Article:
L11
Platelets Constitutively Express Interleukin-33 Protein
Tuesday, March 4, 2014
Exhibit Hall B (Convention Center)
Tomohiro Takeda, MT, PhD., Hirotoshi Unno, M.D., Hideaki Morita, MD., PhD., Hirohisa Saito, MD., PhD., Kenji Matsumoto, MD, PhD, Akio Matsuda, Ph.D.
Rationale: Recent studies revealed that platelets are activated during asthma exacerbation and that depletion of platelets in a mouse model of asthma improves airway inflammation. However, the precise mechanisms of how platelets—despite being devoid of a nucleus—regulate allergic inflammation are not fully understood. IL-33, an IL-1 family cytokine, has attracted attention as a critical cytokine in the development of allergic diseases because of its potent ability to induce type 2 immunity and its strong genetic association with asthma.

Objective: To determine whether platelets express IL-33 protein.

Methods: IL-33 protein in human platelets and a megakaryocyte cell line, MEG-01, and in bone marrow-derived mouse megakaryocytes was detected by Western blot analysis and fluorescent immunostaining. Papain inhalation (100 mg/day x 3 days)-induced IL-33-dependent airway inflammation (Oboki K. et al. PNAS 2010) was compared between platelet-intact and platelet-depleted (by injection of anti-CD41 mAb) groups.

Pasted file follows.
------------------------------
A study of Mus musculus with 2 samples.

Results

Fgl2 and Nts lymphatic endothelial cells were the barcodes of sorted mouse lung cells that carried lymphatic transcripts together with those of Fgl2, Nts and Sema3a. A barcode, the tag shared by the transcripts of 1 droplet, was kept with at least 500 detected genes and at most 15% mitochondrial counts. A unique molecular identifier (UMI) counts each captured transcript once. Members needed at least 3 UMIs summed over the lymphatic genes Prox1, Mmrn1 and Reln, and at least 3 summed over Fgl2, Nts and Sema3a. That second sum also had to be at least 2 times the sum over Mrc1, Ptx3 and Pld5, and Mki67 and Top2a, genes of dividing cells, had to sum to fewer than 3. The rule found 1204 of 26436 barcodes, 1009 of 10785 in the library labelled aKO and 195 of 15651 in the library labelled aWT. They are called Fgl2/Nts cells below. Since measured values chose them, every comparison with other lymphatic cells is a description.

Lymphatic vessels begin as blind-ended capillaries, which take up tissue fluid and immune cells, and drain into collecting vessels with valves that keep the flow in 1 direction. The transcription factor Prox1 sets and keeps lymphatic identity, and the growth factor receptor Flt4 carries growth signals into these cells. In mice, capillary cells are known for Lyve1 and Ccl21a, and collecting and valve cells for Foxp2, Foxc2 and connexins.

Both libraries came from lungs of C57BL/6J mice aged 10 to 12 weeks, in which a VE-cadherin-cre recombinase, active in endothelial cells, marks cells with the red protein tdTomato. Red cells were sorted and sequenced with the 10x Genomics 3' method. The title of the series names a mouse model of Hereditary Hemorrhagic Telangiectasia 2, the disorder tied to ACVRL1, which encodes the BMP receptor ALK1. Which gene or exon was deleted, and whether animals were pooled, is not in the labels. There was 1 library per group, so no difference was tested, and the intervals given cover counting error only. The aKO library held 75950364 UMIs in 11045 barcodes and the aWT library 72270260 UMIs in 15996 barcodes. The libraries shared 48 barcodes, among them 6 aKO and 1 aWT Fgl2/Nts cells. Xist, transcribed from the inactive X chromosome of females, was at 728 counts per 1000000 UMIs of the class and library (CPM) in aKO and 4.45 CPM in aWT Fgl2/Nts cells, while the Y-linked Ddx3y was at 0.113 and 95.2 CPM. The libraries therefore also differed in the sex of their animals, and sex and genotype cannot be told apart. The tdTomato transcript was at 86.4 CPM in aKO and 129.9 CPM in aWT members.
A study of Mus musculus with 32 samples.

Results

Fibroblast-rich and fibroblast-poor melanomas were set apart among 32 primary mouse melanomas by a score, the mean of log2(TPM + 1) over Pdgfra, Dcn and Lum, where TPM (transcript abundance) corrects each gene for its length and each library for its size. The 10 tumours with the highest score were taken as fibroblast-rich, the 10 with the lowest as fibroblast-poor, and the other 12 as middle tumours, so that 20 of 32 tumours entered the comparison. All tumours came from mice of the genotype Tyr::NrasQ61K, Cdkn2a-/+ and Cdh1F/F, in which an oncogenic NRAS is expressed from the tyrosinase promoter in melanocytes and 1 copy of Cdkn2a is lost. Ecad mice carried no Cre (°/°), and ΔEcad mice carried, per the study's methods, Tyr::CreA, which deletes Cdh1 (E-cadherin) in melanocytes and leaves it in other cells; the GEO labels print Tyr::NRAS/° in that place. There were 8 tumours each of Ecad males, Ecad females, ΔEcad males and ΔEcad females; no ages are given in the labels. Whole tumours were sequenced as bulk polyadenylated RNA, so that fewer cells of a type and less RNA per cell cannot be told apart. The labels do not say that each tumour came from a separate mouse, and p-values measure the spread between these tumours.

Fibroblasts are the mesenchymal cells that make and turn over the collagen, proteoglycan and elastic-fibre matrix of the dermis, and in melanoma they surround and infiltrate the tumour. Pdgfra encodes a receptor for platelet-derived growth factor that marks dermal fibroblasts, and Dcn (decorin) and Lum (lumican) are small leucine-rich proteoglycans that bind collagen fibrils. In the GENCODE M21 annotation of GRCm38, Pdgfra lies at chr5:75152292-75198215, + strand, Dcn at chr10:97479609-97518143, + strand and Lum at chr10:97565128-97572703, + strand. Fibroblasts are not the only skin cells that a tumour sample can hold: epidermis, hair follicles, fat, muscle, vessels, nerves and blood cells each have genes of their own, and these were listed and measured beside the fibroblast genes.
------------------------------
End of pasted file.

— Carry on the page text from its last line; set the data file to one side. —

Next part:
Results: Human platelets and anucleated fragments of mouse bone-marrow-derived megakaryocytes expressed full-length IL-33 protein, which is biologically active. Cytosol, but not nuclear, fractions of MEG-01 and mouse megakaryocytes also expressed full-length IL-33 protein. Depletion of platelets resulted in a significant decrease in eosinophilic, but not neutrophilic, inflammation in papain-treated mouse airways.

Conclusions: Our novel findings suggest that platelets constitutively express active IL-33 protein and that activation of platelets plays a pivotal role in IL-33-dependent type II airway inflammation. Further understanding of the precise molecular mechanisms may lead to platelets’ becoming an attractive new target in asthma treatment.